Archive for February 21st, 2009

For some reason, writers in late middle age feel compelled to denigrate Facebook. The Globe and Mail seems particularly insistent, and hardly a week goes by without at least one of its columnists going on at length about how shallow Facebook friendships are or how trivial the quizzes and games often are. I’ve always thought that such rants are part of the general complaint that the world has changed since the late middle-aged were young; although I agree that Facebook is superficial, I’ve found it a useful way to maintain some business and hobby contacts. But, recently, I have had direct experience of another reason to appreciate Facebook: as an organizing tool for social action.

My newfound appreciation started at the end of January, when I stopped by the Edzerza Gallery while on a wander to celebrate having finished my work for the month. There, I struck up a conversation with carver Morgan Green, who told me about the trouble she and her father and the rest of his apprentices were having over their use of the carving shed at the Museum of Northern British Columbia.
After listening, I spoke fifteen fateful words: “Why don’t you start a Facebook group? Facebook has got to be good for something.”

That night, Morgan started the group “Expression not oppression” and issued invitations to all her Facebook friends to join. Within twenty-four hours, the group had two hundred members. It now has over 900 members, including prominent Northwest Coast artists such as Lyle Campbell, Ron Telek, and Ya’ Ya, and has become the focus for the discontent that many among the northern first nations feel about the museum and its curator and for the lack of respect that even prominent native artists sometimes face from the dominant culture and its bureaucracy.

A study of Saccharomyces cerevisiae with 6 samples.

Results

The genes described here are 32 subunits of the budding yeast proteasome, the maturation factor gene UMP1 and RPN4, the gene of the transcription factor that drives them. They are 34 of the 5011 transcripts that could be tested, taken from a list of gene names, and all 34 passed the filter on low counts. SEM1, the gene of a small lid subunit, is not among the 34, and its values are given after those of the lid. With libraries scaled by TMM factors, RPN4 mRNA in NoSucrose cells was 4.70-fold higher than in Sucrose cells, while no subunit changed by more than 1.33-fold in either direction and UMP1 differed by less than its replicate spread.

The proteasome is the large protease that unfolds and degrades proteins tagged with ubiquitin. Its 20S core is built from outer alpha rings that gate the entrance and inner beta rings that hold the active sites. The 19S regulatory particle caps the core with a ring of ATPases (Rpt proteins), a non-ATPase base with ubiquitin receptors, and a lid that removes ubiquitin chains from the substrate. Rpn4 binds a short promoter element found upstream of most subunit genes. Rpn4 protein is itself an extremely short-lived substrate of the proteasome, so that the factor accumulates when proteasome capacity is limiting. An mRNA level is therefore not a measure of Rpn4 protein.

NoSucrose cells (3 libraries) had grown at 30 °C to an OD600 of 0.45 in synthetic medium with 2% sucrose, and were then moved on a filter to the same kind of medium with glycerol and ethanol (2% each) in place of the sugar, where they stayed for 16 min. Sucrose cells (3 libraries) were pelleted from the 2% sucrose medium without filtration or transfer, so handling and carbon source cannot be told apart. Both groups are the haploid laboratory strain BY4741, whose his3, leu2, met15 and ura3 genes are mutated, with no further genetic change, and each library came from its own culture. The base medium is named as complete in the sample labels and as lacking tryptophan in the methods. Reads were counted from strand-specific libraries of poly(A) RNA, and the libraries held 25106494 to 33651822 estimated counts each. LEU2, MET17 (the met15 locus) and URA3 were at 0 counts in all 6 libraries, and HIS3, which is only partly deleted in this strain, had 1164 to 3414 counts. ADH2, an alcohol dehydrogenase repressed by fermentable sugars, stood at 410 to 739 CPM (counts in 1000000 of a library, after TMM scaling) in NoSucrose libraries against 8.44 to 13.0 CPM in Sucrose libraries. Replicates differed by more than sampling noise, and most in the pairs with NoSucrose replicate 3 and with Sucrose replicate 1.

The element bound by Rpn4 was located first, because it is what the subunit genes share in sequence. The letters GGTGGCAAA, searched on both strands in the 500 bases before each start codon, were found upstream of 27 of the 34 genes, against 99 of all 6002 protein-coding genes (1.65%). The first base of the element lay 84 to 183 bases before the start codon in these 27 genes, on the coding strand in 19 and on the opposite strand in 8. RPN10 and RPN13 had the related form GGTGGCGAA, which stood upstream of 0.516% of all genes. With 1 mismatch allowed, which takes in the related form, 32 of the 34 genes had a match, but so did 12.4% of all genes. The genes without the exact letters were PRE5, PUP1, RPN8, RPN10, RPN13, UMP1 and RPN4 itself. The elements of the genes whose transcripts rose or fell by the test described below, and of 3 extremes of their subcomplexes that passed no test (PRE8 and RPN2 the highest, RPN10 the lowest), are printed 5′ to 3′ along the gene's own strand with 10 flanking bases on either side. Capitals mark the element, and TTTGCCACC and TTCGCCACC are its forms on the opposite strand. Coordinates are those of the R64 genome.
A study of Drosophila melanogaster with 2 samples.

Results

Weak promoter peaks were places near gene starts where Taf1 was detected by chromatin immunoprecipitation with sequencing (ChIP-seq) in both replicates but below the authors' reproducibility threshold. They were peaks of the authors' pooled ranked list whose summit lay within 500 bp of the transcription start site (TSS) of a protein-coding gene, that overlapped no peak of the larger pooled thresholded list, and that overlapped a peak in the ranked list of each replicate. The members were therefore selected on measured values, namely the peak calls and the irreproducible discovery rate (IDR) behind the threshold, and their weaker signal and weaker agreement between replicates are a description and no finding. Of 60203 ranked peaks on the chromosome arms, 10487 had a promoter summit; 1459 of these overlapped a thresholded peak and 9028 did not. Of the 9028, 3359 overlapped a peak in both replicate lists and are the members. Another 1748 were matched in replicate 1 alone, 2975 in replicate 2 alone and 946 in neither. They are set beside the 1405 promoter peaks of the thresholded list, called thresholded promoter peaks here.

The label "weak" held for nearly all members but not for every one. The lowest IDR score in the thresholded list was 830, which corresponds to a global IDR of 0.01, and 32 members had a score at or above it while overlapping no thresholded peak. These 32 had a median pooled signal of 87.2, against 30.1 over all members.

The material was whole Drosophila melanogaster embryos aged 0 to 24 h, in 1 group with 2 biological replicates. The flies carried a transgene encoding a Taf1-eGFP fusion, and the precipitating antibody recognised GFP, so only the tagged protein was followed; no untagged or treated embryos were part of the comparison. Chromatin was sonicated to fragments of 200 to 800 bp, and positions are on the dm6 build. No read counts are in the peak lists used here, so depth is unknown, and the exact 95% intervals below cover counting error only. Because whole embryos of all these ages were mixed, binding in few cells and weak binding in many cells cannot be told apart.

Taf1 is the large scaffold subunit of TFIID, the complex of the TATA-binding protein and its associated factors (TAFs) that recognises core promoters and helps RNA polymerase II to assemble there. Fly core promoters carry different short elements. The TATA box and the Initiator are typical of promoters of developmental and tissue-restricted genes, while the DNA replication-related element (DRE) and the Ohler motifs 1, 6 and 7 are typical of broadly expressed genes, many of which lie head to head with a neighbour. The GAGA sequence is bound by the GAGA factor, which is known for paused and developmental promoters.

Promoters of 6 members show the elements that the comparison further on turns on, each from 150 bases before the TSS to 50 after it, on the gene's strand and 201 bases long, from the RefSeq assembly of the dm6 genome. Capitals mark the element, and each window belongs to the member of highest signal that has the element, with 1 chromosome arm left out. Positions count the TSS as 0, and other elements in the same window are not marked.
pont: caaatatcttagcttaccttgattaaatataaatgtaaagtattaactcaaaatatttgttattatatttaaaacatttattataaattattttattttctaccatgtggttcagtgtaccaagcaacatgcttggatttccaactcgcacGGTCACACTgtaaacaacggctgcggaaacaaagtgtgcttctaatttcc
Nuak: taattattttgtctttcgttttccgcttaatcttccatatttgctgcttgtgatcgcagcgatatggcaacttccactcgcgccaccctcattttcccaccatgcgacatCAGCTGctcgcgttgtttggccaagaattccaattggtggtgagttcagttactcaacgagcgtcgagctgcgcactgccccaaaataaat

Looking at what has happened, I like to joke that now I know what the pebble feels like when it starts the avalanche.

Even that, of course, is too much credit for me to claim. Apart from a few emails of support and my previous blog entry on the subject, I have really done very little, and nothing somebody else might not have been done. The truth is, the success of the group has everything to do with the carvers involved and their friends and family, and next to nothing to do with me. And that’s how it should be; I’m more than content to be part of the supporting crowd and leave the speaking roles to more suitable people.

However, because I was a bit of a catalyst, I have been following the growth of the group more than I might have done otherwise. And it strikes me that any tool that can help organize a community as quickly as Facebook did has more value than you might expect. Ninety-nine percept of everything that happens on Facebook may be shallow, but observing the “Expression not oppression” group has convinced me that the remaining one percent is powerful and more than enough to justify the rest of the activity.

Really, the late middle-agers have got hold of the wrong perspective – instead of insisting on the triviality of Facebook, they should be having a closer look at how it can be used to organize people. To me, any tool that has such a positive effect deserves to be taken seriously, not dismissed because it’s new and different.